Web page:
Have you noticed that the arrows you use in archery have some markings near the shaft? Those numbers mean something and it is not a batch number, a date of manufacture, or a lottery combination. These numbers are technical measurements and they can guide you on how to choose the perfect arrow for that perfect bull’s-eye.

For example, you saw the following set of numbers, 1206/370, marked on your aluminum or carbon arrows. The first two numbers determine the diameter of the shaft; hence, for the particular example, the diameter can be calculated as 12/64ths inch. The next two numbers, 06, represent the thickness of the core, and the measurement is calculated as the thousandth of the number which is 6/1000 or 0.006 inch. The last three numbers after the slash symbol is the spine deflection at 28 inches. It is calculated as 370/1000 or 0.370 inch. In summary, the marking “1206/370” means the arrow has a diameter of about 12/64 or 0.18 inch, 0.006 inch core, and 0.370 inch deflection.

[caption id="attachment_2334" align="aligncenter" width="450"] Parker 20-Inch Red Hot High Velocity Carbon Arrows[/caption]

Other identification markings for aluminum arrows only have the first four numbers. They still refer to measurements and here’s how: for example, you have the marking “1716”, this means that the diameter of the arrow is 17 divided by 64 of an inch, or approximately 0.266 inch, while the third and fourth number corresponds to the thickness of the wall or the tubing that surrounds the core. For the example, 16 divided by 1000 is 0.016 so the wall is 0.016 inch thick. Comparing this with other measurement, say, a 1916; a 1916 and 1716 arrows have the same wall thickness but the 1916 has a larger overall diameter. The diameter of an arrow determines how “fat” the arrow is while the wall thickness is used to gauge which arrow have stiffer spines.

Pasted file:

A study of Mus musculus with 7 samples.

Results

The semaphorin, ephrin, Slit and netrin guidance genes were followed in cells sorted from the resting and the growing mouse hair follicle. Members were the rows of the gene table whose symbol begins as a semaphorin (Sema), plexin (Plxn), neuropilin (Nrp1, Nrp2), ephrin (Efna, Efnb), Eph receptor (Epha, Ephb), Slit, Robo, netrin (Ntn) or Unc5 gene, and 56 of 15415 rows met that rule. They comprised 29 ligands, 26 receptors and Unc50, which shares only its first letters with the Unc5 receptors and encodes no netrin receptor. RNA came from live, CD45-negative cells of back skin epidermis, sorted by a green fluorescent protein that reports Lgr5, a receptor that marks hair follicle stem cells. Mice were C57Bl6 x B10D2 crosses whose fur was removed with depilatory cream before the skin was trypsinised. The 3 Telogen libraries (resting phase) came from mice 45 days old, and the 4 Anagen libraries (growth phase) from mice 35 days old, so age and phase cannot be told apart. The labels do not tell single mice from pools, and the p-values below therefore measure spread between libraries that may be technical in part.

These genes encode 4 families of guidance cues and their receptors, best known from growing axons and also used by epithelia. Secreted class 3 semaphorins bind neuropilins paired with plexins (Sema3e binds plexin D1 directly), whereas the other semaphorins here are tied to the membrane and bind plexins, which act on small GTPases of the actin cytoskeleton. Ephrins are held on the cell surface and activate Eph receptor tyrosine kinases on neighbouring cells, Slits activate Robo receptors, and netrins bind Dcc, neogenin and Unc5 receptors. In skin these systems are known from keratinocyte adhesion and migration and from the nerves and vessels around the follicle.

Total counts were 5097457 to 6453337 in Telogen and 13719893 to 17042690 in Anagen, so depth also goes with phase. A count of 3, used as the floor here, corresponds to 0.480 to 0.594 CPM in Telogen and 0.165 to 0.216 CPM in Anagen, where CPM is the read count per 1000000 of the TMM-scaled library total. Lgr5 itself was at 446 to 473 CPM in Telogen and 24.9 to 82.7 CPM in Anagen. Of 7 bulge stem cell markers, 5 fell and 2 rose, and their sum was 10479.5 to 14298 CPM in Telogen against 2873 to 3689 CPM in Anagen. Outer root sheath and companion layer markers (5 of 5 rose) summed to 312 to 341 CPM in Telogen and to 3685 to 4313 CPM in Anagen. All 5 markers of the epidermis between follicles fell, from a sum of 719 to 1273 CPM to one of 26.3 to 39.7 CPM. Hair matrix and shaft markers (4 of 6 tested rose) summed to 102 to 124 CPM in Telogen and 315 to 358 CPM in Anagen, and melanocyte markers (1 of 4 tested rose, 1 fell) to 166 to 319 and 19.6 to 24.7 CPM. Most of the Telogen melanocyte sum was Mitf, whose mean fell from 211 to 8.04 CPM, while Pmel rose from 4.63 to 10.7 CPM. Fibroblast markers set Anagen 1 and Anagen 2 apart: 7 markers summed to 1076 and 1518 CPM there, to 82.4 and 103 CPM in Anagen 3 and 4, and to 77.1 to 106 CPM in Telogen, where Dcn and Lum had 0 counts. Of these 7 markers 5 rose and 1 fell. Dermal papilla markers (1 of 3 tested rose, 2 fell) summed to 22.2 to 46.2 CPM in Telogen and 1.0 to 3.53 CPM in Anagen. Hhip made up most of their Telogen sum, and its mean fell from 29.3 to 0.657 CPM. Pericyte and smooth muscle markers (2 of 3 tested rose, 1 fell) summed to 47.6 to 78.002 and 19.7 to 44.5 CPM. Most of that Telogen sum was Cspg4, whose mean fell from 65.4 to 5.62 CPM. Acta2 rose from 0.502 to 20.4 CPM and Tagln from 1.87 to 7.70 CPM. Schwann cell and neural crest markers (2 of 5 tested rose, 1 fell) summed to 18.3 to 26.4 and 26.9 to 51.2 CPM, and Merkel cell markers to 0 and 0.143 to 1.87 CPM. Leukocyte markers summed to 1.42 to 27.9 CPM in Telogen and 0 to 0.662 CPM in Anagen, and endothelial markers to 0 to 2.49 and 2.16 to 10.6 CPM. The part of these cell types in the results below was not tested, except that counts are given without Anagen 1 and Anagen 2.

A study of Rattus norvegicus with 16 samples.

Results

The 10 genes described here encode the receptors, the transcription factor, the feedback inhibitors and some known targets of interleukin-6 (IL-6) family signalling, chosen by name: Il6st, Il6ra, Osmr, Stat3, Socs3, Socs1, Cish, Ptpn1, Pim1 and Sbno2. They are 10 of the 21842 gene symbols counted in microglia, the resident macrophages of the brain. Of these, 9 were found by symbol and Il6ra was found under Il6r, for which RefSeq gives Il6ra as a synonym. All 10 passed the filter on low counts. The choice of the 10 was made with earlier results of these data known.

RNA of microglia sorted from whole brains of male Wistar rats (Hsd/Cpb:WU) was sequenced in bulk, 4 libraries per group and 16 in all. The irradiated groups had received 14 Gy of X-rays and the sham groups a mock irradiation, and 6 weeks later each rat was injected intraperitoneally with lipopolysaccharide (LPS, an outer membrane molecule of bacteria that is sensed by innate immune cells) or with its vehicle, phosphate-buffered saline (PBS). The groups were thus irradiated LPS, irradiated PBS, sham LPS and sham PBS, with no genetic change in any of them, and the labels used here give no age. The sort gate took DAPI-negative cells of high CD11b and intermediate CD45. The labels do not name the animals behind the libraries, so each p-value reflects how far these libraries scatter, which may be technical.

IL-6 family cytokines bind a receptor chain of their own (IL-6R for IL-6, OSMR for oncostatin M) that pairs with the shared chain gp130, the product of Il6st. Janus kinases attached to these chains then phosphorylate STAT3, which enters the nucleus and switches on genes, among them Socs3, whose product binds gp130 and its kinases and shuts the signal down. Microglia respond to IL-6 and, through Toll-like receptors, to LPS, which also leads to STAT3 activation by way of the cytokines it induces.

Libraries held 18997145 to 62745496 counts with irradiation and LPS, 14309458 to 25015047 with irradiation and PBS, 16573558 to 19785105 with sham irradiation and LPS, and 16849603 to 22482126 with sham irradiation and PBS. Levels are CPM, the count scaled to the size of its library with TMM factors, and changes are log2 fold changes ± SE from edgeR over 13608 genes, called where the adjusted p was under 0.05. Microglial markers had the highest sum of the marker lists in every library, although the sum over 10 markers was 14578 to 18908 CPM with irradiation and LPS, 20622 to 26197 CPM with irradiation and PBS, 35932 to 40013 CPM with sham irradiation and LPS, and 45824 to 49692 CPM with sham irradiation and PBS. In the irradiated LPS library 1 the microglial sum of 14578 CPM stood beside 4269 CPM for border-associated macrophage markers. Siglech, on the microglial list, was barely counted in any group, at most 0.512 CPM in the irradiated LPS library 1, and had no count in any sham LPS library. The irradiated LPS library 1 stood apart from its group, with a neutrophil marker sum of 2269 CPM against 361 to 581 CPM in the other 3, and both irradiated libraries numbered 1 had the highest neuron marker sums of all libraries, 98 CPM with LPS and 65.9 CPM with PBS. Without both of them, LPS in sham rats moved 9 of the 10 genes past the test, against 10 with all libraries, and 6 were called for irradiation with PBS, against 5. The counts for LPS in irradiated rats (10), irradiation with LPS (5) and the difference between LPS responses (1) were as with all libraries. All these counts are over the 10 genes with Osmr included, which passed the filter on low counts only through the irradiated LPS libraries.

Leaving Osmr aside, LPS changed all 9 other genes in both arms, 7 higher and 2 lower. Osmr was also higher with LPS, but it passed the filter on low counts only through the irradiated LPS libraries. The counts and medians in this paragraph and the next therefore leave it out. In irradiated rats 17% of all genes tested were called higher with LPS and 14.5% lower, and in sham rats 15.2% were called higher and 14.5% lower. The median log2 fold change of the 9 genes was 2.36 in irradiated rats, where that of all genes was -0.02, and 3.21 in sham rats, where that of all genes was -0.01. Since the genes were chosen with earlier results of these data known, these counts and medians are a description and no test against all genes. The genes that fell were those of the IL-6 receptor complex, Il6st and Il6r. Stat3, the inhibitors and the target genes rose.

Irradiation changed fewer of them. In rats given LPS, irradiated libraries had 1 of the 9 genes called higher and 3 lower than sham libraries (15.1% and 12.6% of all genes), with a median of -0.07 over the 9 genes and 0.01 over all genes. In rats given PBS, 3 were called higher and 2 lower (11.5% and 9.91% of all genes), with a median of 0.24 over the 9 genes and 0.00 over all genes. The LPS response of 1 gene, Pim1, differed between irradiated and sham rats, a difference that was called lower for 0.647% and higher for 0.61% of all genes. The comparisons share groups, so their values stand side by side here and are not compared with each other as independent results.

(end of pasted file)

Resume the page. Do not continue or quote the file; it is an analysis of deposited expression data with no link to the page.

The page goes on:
The four-number notation has been used to mark aluminum arrows, however, carbon hinting arrows are marked differently. Carbon arrow users say that these arrows, instead of being classified through diameter and wall thickness, are categorized through spine deflection. Manufacturers calculate for the estimated deflection by combining the diameter and the thickness. For some brands like Beman and Easton, as the number decreases, the arrow becomes stiffer; these numbers are actual deflection of the spine. Others use numbers that corresponds to certain stiffness but it is not the exact measurement, or it can be to identify the amount of force the arrow can withstand.

The markings are there so you can easily identify which arrow is most suited to your bow. With just a single glance, you can compare which arrow has better deflection or which is thicker and heavier.